Construction is a risky business. Research shows that over 27% of contractors fail to survive. Most companies perform more than one job at a time. It is not uncommon that the loss that causes the collapse of a company is not the bonded job being performed for a public entity, but rather one of its other projects. Surety bonds protect not only governments, taxpayers and workers, but also private owners and lenders from unforeseen issues that arise during construction.
Over the last 15 years, surety companies paid nearly $12 billion to complete construction contracts and pay subcontractors and suppliers what they were owed. These figures do not include the significant amount of money sureties spent to finance troubled contractors so they could complete contracts and avoid the trouble caused to owners and subcontractors by a default.
With bonding being integral to public and commercial construction projects, the ability to obtain bonds is the lifeblood of many construction firms. Establishing and maintaining a bonding relationship requires a significant investment of time and resources. This is driven by the surety’s need to thoroughly underwrite a contractor’s qualifications before extending surety credit. After all, the surety is generally an unsecured creditor, holding only a signed promise from the construction firm and its owners personally, to protect it from loss in the event of a contract default. The ability to obtain bonds dramatically increases the potential of a contractor to grow and earn higher profit margins on construction projects by weeding out unqualified competitors that might otherwise land contracts at unreasonably low prices. In performing this valuable screening function, sureties serve as an ally for well-run, well financed construction companies that qualify for bonding support. Once approved for bonding, a contractor enhances its negotiating position by demonstrating to prospective project owners that it is stable and has been thoroughly pre-qualified, carrying the surety’s seal of approval.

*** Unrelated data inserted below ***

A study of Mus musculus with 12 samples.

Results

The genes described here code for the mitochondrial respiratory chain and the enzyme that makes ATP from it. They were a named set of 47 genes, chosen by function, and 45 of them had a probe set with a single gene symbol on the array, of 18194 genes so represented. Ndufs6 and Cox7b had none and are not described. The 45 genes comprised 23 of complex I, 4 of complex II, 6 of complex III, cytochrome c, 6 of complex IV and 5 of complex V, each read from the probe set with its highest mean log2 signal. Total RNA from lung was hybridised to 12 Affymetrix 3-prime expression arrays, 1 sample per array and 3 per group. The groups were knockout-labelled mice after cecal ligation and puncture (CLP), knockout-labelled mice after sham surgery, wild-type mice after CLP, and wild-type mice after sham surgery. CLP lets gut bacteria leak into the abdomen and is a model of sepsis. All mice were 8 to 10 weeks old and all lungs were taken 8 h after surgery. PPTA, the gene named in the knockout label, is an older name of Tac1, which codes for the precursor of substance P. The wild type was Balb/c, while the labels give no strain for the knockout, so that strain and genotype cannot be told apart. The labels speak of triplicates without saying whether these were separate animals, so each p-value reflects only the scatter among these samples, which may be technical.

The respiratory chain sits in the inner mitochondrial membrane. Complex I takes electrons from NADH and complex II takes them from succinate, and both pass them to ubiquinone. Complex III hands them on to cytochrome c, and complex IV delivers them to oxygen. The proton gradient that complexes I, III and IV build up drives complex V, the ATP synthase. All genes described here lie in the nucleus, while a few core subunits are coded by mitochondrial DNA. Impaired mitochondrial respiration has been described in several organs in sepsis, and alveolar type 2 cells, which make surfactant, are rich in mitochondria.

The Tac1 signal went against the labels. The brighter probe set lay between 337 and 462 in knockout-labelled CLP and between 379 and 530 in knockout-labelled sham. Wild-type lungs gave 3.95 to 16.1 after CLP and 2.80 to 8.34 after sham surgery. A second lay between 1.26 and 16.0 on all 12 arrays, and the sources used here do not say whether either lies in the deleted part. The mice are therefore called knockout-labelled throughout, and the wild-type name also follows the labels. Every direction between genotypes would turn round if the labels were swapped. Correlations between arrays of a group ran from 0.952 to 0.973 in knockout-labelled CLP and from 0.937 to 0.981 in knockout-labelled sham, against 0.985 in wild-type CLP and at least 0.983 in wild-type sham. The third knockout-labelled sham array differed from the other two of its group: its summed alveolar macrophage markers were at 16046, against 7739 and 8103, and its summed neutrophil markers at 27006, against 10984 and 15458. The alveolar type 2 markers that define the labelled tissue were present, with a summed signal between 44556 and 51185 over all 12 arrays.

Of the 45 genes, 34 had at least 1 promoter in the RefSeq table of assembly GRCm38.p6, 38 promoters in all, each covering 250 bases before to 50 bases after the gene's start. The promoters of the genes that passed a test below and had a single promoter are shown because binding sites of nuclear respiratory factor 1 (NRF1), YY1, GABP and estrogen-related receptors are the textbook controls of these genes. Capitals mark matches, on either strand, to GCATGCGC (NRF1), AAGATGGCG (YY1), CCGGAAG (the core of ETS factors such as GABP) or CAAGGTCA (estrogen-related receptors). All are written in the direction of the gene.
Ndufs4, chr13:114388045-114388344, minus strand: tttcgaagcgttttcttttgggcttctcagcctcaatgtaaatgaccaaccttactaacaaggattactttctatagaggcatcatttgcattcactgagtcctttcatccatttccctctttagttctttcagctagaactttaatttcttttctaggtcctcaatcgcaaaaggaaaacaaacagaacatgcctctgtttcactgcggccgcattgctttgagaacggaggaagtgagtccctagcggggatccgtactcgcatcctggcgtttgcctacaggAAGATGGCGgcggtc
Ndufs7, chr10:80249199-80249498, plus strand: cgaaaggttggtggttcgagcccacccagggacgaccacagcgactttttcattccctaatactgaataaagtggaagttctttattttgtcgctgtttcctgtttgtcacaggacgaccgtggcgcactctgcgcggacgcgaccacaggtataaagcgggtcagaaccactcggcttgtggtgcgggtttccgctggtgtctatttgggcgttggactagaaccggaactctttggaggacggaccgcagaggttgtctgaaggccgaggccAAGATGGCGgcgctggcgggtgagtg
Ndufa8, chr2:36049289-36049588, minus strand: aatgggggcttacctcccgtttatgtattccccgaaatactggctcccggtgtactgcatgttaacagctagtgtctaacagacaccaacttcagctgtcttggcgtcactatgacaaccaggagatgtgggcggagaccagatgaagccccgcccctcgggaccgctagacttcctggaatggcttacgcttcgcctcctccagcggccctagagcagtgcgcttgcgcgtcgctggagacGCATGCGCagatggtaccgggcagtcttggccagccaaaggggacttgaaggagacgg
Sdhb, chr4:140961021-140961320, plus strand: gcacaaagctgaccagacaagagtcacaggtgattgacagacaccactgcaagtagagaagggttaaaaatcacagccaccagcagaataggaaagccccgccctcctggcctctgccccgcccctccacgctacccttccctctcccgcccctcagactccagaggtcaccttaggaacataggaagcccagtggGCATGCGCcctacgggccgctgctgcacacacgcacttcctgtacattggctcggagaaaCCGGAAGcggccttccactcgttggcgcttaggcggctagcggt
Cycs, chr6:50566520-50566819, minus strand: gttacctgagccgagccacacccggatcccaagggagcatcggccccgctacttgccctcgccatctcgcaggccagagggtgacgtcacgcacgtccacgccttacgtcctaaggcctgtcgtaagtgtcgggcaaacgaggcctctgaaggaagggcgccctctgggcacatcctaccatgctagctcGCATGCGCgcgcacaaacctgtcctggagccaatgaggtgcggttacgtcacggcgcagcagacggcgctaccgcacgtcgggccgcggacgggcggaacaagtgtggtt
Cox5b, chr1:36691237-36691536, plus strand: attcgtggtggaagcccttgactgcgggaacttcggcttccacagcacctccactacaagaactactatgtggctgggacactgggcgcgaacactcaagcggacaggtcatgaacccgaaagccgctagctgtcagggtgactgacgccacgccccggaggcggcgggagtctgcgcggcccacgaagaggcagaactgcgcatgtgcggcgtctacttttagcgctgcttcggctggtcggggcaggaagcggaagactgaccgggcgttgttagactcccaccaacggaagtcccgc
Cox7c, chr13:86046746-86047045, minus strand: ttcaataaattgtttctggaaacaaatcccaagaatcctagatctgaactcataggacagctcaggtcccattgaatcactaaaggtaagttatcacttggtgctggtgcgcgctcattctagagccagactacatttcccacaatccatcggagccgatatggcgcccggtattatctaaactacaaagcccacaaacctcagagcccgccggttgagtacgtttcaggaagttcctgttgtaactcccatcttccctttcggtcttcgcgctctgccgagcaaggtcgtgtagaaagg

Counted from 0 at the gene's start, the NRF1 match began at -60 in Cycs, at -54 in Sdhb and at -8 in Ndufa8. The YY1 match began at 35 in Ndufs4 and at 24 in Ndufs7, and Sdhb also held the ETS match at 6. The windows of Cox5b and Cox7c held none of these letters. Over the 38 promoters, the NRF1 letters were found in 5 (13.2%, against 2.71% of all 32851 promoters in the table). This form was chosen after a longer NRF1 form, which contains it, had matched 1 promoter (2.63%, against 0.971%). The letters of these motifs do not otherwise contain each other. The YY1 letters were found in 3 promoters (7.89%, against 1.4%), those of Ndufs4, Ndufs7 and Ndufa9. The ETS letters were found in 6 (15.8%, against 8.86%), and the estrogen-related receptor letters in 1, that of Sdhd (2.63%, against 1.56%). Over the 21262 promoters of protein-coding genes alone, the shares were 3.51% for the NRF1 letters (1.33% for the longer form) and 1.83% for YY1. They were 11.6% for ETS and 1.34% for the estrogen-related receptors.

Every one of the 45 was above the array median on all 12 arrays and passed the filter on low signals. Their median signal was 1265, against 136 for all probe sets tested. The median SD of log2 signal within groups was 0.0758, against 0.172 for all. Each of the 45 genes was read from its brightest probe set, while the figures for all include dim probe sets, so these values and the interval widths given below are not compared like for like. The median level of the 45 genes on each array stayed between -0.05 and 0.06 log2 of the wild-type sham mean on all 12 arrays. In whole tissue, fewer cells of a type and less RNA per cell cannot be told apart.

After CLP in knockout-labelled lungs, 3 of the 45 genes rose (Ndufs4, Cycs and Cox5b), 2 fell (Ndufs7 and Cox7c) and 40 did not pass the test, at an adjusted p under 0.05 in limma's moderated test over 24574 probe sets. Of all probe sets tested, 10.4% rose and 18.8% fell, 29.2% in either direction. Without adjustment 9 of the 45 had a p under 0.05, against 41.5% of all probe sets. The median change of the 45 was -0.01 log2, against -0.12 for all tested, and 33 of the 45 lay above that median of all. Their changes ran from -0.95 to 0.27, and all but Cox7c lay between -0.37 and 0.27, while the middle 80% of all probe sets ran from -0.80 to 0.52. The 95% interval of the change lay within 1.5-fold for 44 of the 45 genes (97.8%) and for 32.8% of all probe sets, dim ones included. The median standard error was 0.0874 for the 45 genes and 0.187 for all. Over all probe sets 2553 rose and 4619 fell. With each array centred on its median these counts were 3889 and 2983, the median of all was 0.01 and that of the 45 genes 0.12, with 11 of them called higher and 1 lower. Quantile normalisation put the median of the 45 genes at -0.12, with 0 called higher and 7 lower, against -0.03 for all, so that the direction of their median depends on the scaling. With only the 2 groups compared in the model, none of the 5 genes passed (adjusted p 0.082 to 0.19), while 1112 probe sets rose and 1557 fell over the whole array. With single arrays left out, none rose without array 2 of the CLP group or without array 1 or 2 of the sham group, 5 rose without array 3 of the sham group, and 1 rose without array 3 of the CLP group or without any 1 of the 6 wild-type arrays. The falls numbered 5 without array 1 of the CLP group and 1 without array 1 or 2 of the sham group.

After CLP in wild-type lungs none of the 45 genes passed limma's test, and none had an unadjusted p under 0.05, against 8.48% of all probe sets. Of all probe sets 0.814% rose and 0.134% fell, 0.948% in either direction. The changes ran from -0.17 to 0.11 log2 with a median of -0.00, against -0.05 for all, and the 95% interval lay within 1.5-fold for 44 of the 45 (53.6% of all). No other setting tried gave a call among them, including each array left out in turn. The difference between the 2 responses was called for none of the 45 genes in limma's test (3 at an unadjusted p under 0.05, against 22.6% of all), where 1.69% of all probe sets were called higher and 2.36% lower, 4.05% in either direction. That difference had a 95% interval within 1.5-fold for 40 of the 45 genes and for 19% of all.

The key to successfully navigating the bonding process is to first partner with a professional surety bond producer who is in tune with the local surety and construction market and a well-respected construction CPA whom the surety relies upon to produce reliable financial guidance.
The primary objective of the professional surety bond agent is to help the contractor build and maintain a profitable business. The bond agent will begin by assisting the contractor in assembling underwriting information, including organizational charts, resumes of the owners and key personnel, business and continuity plans, financial statements prepared by the construction CPA, including schedules of completed and in-process contracts, and documentation of established lines of credit. Based on the findings of this review, the agent will determine which surety company is best suited to meet the needs of the contractor and prepare a formal submission to the surety.
The agent will work with the surety company underwriter to establish single project and aggregate work program limits, which provide a responsible framework for the contractor to operate within.
Contractors should keep in mind that it is not always in their best interest for the bonding company to approve a contract for bonding. One of the most important services that can be provided to a contractor is to push back, ask questions and even decline bonding in cases where the bonding company perceives an unusual high level of risk, such as onerous contract provisions, or a poor fit between the contractor’s experience or resources and the project for which bonding is being requested. Bond agents and bond underwriters can provide an independent perspective, helping mitigate risk, avoid potential pitfalls and ensure the long-term viability of the contractor.